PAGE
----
Amazon’s The Romanoffs, an anthology series co-written and directed by Matthew Weiner, is ambitious but disappointingly inconsistent. Its eight nearly feature-length episodes hang together as a loose concept, each one focusing on a character (or characters), often in different parts of the globe, who believe themselves to be descendants of Russia’s Romanov dynasty. While the show’s characters have differing grasps of their family history, with some clinging to royal blood as a source of pride and others merely considering their potential lineage a curiosity, Weiner bestows each of his protagonists with a toxic sense of entitlement. The series is unconcerned with whether their egos are born of coincidence or DNA; Weiner simply seems to relish the opportunity to investigate the minds of difficult people, and the results aren’t always enlightening or very compelling.
In the first episode, “The Violet Hour,” the elderly Anushka (Marthe Keller) lords bitterly over her gorgeous Paris apartment—alone except for her nephew, Greg (Aaron Eckhart), who eagerly awaits his inheritance. Anushka is a cruel xenophobe who relentlessly insults her new Muslim caretaker, Hajar (Ines Melab). While Weiner writes a not-so-surprising twist into their relationship, the episode’s conclusion does little to cushion the alienating effect of watching the irredeemable Anushka sneer for nearly 80 minutes.
Hajar rarely demurs throughout “The Violet Hour,” maintaining a positively warm disposition. She speaks about her dreams and faith, yet the episode is more drawn to Anushka’s shallow redemption, and to Greg’s coveting of the family’s estate. Hajar’s one-note role, with her seeming to exist solely to forgive her abusive charge, betrays the larger narrative problem within The Romanoffs: The royal descendants occupy too much storytelling space in each episode, despite rarely being the most interesting or nuanced characters.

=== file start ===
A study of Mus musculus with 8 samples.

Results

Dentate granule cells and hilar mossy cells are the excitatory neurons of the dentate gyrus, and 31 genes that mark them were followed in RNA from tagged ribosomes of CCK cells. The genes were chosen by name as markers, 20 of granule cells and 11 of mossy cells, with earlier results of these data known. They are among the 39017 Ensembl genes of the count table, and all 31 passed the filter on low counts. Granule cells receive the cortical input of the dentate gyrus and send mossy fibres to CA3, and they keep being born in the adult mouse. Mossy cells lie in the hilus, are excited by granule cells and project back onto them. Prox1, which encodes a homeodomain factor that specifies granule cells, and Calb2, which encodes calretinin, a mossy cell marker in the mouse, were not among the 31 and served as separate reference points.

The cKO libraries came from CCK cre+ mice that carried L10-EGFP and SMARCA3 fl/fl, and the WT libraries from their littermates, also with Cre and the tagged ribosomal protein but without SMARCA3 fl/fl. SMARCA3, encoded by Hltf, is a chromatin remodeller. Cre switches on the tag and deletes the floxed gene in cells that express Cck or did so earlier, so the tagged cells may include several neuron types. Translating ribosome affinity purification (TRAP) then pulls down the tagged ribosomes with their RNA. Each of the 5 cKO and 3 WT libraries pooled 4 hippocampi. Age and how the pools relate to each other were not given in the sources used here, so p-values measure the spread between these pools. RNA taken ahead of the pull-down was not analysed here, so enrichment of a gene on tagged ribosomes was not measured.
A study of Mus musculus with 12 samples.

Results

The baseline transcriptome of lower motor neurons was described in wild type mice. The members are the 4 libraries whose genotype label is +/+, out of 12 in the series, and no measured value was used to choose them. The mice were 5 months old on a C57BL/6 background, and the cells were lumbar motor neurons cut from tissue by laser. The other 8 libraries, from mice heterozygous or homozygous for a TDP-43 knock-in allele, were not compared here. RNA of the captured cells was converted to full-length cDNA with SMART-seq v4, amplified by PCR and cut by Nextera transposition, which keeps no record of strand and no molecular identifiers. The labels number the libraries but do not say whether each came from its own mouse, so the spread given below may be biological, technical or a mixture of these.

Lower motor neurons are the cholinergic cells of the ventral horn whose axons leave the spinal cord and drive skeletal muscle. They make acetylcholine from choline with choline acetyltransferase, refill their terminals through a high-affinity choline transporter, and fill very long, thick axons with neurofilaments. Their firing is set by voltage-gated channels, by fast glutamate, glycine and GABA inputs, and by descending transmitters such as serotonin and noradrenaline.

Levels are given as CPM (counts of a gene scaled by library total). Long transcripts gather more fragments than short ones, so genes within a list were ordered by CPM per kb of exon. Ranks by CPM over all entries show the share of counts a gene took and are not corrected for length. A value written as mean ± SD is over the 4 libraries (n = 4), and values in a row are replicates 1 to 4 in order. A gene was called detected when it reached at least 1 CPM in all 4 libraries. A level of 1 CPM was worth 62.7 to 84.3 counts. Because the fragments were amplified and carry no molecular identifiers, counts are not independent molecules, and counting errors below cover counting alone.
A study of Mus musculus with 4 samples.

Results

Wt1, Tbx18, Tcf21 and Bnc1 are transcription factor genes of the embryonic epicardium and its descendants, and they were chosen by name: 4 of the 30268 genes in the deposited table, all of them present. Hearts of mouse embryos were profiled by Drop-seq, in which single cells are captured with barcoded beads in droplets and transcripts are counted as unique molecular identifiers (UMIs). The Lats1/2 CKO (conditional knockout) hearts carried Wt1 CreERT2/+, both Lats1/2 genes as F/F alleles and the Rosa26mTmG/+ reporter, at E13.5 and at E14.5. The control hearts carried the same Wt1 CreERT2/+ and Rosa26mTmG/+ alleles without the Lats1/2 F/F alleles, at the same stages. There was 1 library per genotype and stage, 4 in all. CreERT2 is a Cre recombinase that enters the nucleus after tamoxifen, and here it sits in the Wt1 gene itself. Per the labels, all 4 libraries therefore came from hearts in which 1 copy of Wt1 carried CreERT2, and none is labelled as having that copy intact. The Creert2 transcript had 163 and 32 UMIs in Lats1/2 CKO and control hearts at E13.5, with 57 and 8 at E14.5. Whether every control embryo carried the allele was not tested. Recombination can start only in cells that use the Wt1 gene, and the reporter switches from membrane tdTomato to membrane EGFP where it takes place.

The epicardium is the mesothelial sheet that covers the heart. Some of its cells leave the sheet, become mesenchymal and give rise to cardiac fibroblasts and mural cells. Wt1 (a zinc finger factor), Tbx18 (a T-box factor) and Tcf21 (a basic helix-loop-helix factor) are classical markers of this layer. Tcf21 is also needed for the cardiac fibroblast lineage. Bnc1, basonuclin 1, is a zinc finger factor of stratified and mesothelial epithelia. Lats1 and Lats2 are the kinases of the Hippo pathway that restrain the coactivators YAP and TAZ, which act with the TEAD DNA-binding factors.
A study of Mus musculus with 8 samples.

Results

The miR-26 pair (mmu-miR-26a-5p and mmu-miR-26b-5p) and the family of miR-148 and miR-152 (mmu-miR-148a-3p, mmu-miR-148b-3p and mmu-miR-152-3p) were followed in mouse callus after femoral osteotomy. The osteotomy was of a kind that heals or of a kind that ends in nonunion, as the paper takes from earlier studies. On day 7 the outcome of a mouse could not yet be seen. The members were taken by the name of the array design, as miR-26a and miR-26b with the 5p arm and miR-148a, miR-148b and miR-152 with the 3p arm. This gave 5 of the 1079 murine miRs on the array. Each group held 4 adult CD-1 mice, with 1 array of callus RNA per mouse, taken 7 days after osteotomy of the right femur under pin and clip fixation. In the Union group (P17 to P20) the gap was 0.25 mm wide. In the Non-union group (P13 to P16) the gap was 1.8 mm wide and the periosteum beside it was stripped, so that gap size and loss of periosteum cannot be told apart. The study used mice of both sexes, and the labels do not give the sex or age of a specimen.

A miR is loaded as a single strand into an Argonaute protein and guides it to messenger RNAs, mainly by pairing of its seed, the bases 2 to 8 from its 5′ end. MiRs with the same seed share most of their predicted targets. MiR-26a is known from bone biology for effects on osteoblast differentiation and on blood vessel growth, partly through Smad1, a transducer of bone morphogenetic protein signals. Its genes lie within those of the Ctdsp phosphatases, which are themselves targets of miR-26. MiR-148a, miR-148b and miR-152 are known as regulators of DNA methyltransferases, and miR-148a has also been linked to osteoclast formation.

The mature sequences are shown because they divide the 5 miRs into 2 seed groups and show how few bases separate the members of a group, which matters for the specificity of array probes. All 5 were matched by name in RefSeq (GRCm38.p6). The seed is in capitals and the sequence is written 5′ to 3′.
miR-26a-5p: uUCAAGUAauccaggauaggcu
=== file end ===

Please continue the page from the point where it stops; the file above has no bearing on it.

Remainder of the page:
In “The Royal We,” Michael Romanoff (Corey Stoll) is a married Midwestern man with depression informed by a non-specific yearning. He feels like he’s owed something but doesn’t know what. His eventual epiphany, that he’s living in an unhappy marriage, is hardly earth-shattering, and while this portrayal of suburban ennui is far from original, the depressingly generic American setting of “The Royal We,” contrasted with the lush images of Paris in “The Violet Hour,” illustrates the variable strengths of The Romanoffs: its ambitiously rendered production design. Striking imagery abounds, from Anushka’s breathtaking apartment, which is worth coveting, to the drab business parks and chain restaurants that highlight Michael’s melancholy.
These settings and others are the backdrops to nuanced performances (Stoll’s turn as an unlikable man—thrashing against his pleasant, if unremarkable, life—is darkly humorous), but they’re often stifled by the characters’ broadly sketched motivations. Considering their bloated running times, it’s surprising how little substance there is to the three episodes made available to press ahead of the show’s premiere. For one, Michael’s connection to his royal history, and thus to Anushka, is little more than a convenient construction: Their shared alwfulness might be mere coincidence, and appears of interest to Weiner only as a way of stringing together his tales of off-putting egoists.
The third episode, “House of Special Purpose,” is the most enjoyably off-kilter. Starring Christina Hendricks and Isabelle Huppert, it centers on a troubled European television production in Austria, and presents a bizarre mind game that veers between unsettling, comic, and truly horrifying. It’s surprising that Weiner opted to slate it behind two comparatively mundane installments, one a mawkish story of tolerance and the other an overdrawn snapshot of marital trouble. Yet “House of Special Purpose” suggests that The Romanoffs might eventually be worthy of its high-minded conceit. But all three episodes too often suggest that Wiener was granted a budget and cast worthy of royalty for an idea he believes to be more compelling than it actually is.